Sunday, November 07, 2004

The Pentagon: Public or Private?

To what extent is the Pentagon privately owned and operated? USA taxpayers don't manage to cover expenses (cite deficit). A lot of the management is outsourced.

This move to electronic voting without even the possibility of audits is further eroding the sense that the American people have any real say with regard to ongoing military adventures.

Big media will be tasked to glue these two together (a national will with a military force), but then, big media is likewise privately owned and operated -- with some of the same Pentagon players waving the flag on television. The War on Terror remains essential programming.

What's kept it together in the past was a set of principles. The claim that bombing Fullajah is part of a principled campaign to bring freedom and self-determination to the people in Iraq commits big media to some very thin ice. People increasingly call it "corporate media" with good reason. Our legal contrivance called "the corporation" has outstripped government institutions, in terms of global influence and command over assets. The private sector rules.
"More than two centuries of law have been enacted to protect Americans against Big Government. These laws begin with the Constitution and the Bill of Rights, and include ethics and transparency laws, restrictions on the political conduct of officials, limits on official pay, and the uniform military code of justice. These laws apply to officials, not contractors, on the presumption that officials are in control. The rules do not apply—or protect the public—when, as is increasingly the case, contractors are doing the basic work of government, and government lacks the expertise and experience to control the contractor workforce." Commentary by Dan Guttman, The Shadow Pentagon: Private contractors play a huge role in basic government work—mostly out of public view.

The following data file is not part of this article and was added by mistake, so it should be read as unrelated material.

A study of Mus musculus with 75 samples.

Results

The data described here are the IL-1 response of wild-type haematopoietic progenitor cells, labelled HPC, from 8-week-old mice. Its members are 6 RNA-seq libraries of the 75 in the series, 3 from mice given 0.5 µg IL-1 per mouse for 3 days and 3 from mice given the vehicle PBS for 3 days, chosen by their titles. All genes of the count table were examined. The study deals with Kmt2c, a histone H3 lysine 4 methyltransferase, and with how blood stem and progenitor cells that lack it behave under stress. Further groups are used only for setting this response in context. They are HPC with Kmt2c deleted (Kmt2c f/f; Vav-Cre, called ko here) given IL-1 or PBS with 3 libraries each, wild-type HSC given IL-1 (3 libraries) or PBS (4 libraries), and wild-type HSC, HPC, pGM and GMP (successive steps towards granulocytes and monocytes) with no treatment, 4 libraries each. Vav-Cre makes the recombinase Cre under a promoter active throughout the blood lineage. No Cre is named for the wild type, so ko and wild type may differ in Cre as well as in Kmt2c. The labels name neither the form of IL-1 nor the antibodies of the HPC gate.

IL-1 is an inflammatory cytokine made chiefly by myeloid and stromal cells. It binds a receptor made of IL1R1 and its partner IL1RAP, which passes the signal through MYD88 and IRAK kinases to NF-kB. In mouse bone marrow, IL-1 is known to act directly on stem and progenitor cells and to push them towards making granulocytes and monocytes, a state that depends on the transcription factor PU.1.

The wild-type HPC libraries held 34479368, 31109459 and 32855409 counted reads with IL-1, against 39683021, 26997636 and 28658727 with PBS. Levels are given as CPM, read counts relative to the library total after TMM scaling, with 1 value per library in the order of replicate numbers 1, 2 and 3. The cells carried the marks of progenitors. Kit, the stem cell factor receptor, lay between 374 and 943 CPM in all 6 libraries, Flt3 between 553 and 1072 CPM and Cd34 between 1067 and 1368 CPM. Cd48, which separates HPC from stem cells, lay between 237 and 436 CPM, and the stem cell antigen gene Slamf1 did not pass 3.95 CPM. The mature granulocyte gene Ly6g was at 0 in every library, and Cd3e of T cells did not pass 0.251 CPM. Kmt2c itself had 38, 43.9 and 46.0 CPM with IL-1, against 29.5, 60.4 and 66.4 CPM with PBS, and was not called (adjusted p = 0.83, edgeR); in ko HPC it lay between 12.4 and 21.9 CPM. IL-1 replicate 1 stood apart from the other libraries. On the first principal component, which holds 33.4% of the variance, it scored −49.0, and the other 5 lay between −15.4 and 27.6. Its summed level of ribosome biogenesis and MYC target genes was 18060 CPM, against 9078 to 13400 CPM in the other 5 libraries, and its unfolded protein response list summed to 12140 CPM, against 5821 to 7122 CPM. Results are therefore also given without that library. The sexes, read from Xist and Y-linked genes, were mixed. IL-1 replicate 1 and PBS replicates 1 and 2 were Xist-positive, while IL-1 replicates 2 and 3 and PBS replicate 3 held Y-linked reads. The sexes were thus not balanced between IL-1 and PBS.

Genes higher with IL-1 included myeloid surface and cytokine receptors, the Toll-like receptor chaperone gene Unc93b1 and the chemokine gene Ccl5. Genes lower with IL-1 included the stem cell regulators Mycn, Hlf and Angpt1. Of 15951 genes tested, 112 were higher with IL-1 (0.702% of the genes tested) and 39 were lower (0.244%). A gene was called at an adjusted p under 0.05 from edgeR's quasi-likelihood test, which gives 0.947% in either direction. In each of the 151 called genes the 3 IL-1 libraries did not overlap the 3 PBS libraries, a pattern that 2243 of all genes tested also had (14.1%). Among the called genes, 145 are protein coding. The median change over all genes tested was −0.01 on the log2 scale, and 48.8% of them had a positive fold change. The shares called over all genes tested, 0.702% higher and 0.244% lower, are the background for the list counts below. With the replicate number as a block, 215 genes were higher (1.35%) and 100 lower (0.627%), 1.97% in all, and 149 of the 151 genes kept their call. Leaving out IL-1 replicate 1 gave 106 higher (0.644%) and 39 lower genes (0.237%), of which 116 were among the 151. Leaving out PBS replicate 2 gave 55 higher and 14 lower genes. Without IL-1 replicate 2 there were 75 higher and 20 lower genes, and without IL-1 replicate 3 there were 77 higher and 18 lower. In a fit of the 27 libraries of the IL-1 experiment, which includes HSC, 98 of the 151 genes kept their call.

Of course, it all comes back to private individuals at the end of the day (no one here but us chickens). Fortunately, many of us, including those with businesses, and of various political and religious persuasions, still have faith in those same principles which guided the USA's original founders. We should not be expected to follow blindly, when other enterprises and schools of thought, including much bigger ones, decide on a course for disaster. Computations show some reason for hope, even yet.